Michigan Robbery Crimes
If you've been charged with a Michigan robbery crime for the very first time, this doesn't make you a criminal or a bad person. I see clients on a daily basis who have have never been been arrested or investigated for a crime in their life. It's quite common that a good person will get themselves in a bad situation, which results in being charged with a Michigan robbery crime.
There are a number of distinct robbery offenses in Michigan, which the prosecution must prove all elements beyond a reasonable doubt.
The first offense is Michigan Armed Robbery, which requires the prosecution to prove that the use of force or violence or an assault was used against another in the course of committing a larceny, while the defendant is either armed with a dangerous weapon or an article is used to lead the person to reasonably believe the defendant is armed with a dangerous weapon. This offense carries a possible life sentence.
The second weapon offense is Michigan Assault with Intent to Rob and Steal While Being Armed. The crime is defined as any person, being armed with a dangerous weapon, or any article used or fashioned in a manner to lead a person so assaulted reasonably to believe it to be a dangerous weapon, who shall assault another with intent to rob and steal shall be guilty of a felony, punishable by imprisonment in the state prison for life, or for any term of years." There is also a charge similar, which the defendant is unarmed, called Michigan Assault with Intent to Rob and Steal While Being Unarmed, which is a 15 year imprisonment.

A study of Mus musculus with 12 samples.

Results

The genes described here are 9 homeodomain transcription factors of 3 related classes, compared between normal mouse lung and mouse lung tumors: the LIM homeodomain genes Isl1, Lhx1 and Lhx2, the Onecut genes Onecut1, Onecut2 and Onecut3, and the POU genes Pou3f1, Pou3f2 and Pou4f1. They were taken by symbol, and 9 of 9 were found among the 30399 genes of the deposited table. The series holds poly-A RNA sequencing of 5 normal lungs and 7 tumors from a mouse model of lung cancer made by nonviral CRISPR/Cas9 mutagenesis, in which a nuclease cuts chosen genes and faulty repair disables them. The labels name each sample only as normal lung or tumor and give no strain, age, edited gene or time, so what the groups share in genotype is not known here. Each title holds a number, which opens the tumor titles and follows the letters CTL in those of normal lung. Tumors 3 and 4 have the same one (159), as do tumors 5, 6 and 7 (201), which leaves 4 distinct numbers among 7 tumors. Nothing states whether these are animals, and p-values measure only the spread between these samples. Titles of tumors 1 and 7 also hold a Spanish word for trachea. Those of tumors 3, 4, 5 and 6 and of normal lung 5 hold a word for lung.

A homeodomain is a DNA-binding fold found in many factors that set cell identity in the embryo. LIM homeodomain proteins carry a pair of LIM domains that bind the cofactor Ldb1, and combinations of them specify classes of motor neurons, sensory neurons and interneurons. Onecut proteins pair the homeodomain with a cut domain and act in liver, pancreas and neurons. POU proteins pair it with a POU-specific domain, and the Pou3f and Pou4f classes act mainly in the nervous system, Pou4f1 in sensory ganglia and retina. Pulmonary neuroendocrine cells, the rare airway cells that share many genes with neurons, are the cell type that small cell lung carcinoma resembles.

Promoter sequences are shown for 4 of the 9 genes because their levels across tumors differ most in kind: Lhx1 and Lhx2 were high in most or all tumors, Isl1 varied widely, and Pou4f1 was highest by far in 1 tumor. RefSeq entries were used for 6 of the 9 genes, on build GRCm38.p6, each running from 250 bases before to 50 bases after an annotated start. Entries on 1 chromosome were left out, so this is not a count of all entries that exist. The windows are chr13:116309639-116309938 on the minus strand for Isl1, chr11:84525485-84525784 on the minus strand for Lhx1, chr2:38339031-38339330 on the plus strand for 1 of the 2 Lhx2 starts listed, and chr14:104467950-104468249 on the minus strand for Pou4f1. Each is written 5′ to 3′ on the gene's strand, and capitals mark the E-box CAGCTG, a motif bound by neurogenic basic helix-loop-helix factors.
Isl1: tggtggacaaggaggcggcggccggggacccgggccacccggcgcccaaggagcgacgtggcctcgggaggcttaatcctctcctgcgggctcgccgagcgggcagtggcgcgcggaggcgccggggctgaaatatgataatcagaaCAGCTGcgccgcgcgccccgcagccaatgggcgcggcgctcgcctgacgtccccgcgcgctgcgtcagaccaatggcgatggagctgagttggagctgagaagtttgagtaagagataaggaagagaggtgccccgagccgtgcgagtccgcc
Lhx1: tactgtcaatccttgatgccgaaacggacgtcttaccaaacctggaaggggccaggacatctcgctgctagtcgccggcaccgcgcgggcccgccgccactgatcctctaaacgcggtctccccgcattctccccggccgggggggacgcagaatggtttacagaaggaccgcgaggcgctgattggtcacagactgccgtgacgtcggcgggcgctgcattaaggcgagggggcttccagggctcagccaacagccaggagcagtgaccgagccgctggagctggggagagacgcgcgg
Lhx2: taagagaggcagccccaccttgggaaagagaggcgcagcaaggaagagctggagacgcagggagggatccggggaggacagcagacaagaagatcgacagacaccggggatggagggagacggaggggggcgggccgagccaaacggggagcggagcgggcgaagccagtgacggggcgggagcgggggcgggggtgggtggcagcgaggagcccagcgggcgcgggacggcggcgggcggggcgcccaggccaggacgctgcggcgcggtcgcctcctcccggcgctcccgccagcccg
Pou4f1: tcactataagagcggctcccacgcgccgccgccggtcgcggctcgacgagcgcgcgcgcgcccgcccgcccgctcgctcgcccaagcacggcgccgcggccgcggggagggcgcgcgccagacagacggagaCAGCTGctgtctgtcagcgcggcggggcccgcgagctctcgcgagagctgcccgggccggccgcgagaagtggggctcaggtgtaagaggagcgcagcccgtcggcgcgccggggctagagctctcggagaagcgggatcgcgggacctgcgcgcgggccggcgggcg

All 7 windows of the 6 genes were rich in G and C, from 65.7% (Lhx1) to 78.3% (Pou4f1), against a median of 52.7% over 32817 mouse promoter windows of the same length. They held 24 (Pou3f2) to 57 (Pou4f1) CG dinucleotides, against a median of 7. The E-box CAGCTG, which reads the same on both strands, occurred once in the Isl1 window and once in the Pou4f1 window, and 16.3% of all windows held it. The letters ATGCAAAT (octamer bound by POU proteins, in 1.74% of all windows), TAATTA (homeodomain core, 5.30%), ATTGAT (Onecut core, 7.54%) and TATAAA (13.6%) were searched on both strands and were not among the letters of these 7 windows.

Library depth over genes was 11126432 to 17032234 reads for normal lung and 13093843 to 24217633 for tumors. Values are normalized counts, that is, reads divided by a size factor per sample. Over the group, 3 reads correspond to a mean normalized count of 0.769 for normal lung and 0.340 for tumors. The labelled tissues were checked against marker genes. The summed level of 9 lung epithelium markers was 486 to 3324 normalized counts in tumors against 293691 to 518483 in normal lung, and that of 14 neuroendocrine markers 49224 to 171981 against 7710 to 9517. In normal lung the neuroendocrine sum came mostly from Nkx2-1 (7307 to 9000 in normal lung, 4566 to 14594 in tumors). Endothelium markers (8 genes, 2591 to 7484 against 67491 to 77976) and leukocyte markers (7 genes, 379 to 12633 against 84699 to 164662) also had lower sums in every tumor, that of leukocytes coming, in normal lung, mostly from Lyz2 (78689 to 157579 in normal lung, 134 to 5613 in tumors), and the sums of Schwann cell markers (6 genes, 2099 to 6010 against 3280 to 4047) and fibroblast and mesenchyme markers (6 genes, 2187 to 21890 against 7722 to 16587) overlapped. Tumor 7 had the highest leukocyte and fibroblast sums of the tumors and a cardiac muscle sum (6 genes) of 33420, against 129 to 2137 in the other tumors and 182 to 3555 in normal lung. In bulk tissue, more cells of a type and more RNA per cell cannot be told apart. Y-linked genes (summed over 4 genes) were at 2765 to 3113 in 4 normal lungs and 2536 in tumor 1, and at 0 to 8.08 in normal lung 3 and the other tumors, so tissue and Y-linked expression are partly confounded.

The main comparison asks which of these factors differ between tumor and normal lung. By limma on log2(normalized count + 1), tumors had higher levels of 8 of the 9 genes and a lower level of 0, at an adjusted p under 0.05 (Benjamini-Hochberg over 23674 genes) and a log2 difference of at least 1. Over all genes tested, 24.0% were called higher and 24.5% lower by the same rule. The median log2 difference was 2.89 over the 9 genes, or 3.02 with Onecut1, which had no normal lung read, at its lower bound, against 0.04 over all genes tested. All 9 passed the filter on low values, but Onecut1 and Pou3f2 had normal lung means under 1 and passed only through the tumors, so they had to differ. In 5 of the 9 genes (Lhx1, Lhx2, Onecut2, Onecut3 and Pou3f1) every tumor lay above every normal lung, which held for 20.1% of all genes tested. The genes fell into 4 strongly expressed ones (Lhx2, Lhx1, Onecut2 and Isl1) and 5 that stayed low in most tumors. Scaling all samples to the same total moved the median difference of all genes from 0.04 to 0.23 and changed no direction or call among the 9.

The third weapon offense is Michigan Unarmed Robbery, which requires the prosecution to prove the use of force or violence or an assault against any person who is present in the course of committing a larceny. Unarmed Robbery in Michigan carries possible imprisonment of 15 years.
The fourth weapon offense is Michigan Carjacking, which carries life in prison as a penalty, and requires the prosecution to show the use of force or violence against the operator, passenger or person in possession of a car in the course of committing a larceny.